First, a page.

My Dad is 83 and lives alone. He has kidney failure and diabetes. In his youth he was never a domestic goddess so it's really tough that he now has to manage his household, particularly when he's not well. He now lives off tinned soup and in increasing squalor. My sister is 60 miles away while I'm 120 and my brother 80 miles away. He is happy for us to help but has declared he will get rid of the carers arranged by the hospital within 2-3 weeks. He won't even accept new slippers. He insists on driving despite my warning in the presence of his doctors that he's not in control of his car. I refuse to go in the car with him. Other people must face similar problems. How do you cope? I love my Dad and I try to understand why he is so resistant to anything that can bring him comfort. I guess it nay be a mixture of pride and fear. This keeps me awake at night and I'm sure my brother and sister feel the same. Any comments/suggestions please?


It was not like being in a hospital. Her nursing home has a nice coffee shop where everyone meets up for a chat. She can do whatever she likes and can have company when she feels like it.

I know that if I had let her have time to think about going in the home, I would never have got her there. Springing it on her like that she had no choice - the choice came later when she decided she would like to stay.

It may not be the best way for your dad but it is worth a try. It would make life so much nicer for him and so much easier for the rest of you. You would probably find that, even if he decided that he wanted to go home later, once he got home and realised how he had been living, he would go back to the home. A lady who lives in the home with mum did that. Her family put her into respite as they were all going to be away at the same time. She went home afterwards, realised how badly she had been coping and returned to the home within a few weeks.

I laughed about the slippers - mum is just like that. She'll wear tatty old things (because she says they are comfortable) and ignore her nice ones. I bought her new slippers recently and she refused to wear them. Every time one of us visited, we insisted that she had to wear the new ones whilst we were there. When I have visited this week, the new ones have always been on her feet.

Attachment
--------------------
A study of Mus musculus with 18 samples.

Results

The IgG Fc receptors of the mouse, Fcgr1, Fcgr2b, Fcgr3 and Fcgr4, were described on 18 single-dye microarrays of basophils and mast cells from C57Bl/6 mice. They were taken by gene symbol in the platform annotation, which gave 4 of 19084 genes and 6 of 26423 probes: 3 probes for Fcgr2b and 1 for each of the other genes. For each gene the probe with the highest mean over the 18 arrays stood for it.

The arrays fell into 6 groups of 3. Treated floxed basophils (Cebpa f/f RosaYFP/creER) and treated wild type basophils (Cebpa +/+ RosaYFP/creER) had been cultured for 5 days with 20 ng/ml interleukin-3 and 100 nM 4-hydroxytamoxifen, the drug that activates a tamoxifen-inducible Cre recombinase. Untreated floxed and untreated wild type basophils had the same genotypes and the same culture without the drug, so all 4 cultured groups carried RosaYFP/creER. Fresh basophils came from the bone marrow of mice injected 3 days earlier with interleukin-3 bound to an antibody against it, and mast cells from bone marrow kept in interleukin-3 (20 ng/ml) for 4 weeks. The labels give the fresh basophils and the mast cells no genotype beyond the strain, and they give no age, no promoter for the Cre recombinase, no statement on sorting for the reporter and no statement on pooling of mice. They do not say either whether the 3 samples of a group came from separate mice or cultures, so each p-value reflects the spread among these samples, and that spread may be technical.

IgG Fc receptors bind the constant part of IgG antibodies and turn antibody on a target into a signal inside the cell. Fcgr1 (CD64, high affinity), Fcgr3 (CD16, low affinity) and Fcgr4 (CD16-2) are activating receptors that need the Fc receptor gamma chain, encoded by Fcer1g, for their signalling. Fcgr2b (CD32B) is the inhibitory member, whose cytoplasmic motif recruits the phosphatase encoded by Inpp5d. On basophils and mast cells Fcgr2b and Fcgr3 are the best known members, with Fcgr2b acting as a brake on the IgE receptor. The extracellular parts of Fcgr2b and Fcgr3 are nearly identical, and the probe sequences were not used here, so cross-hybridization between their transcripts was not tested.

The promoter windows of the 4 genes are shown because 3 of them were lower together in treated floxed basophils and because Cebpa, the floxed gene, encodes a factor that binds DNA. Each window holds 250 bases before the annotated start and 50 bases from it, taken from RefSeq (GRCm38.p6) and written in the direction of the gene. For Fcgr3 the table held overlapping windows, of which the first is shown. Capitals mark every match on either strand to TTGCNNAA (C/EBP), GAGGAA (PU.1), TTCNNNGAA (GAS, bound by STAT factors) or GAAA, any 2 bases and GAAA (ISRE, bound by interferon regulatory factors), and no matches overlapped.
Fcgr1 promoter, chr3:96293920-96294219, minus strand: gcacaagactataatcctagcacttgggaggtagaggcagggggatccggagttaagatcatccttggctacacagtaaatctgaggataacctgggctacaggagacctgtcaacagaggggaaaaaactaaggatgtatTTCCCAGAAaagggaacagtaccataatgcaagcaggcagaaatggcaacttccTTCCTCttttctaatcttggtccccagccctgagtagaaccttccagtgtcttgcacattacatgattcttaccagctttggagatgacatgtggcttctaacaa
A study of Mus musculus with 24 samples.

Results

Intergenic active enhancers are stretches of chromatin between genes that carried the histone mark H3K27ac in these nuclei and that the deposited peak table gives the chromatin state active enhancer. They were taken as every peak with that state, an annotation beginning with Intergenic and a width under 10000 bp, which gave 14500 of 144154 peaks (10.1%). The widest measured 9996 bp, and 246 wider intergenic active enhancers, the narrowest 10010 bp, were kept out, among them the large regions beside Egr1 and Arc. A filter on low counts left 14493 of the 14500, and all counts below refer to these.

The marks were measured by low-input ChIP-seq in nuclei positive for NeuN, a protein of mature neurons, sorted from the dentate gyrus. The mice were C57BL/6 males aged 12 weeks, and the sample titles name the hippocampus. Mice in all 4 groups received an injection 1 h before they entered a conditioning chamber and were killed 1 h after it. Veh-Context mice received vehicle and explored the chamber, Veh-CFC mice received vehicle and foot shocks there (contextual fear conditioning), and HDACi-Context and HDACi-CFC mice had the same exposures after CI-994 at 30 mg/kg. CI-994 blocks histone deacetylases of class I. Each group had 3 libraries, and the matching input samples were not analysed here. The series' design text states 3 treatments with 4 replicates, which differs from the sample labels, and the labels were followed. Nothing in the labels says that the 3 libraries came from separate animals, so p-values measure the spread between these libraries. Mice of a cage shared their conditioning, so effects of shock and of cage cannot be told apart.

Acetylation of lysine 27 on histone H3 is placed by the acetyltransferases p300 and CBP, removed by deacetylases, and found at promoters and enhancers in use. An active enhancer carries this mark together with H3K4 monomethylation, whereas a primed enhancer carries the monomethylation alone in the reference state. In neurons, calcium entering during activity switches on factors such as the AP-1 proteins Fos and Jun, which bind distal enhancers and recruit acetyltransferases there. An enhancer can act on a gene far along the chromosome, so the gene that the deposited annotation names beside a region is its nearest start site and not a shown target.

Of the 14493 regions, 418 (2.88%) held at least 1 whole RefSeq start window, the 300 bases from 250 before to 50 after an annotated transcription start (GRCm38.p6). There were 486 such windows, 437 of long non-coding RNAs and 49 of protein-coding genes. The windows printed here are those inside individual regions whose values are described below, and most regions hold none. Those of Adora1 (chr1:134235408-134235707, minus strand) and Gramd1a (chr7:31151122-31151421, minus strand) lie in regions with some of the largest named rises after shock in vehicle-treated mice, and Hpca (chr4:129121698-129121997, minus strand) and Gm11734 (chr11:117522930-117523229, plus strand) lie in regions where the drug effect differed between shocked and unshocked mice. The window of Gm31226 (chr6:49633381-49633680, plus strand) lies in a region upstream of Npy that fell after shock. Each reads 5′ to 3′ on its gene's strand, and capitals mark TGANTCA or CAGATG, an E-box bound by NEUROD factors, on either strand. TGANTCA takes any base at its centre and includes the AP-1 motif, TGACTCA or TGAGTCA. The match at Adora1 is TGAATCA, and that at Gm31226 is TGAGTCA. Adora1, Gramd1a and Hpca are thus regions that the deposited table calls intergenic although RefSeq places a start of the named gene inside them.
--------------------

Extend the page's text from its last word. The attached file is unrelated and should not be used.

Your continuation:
As far as the driving goes, contact DVLA and get his licence taken away. The thought of him killing someone is scary and he would be devastated. Also, without the car he is more likely to go into the home. He won't have to worry about shopping etc. without transport.

Good luck. It may not work for him but it certainly did the trick with my mum who is now contented, warm and well looked after.

Jan






Meals on wheels, but I bet he's fed up of soup and if you can take him down to the pub and all have a nice family dinner together.

Best of luck with him.

Philip


The driving is a concern, I think the fear of not being able to drive is losing dependence so it may be worth finding volunteer services or finding other sources of transport he could use and doing the same slow introduction as the carers. I would check when the license renews and ensure it doesn't, or if its really that serious appeal to the DVLA for advice.






Your idea about a doctor encouraging Dad to consider is a good one. My sister,brother and I are skyping today to discuss what we can do next to help Dad so I'll make sure we'll include this.



His other carer comes at 9 pm so at least someone looks in on him once a day.

This arrangement leaves him responsible for cooking, shopping, most of the housework etc.



Dad is very resistant to any help and we have to tread carefully so that we don't alienate him completely. At the end of the day we can't force him to accept something he doesn't want, even if we feel very worried about the consequences. I think we're all equally stressed at the moment.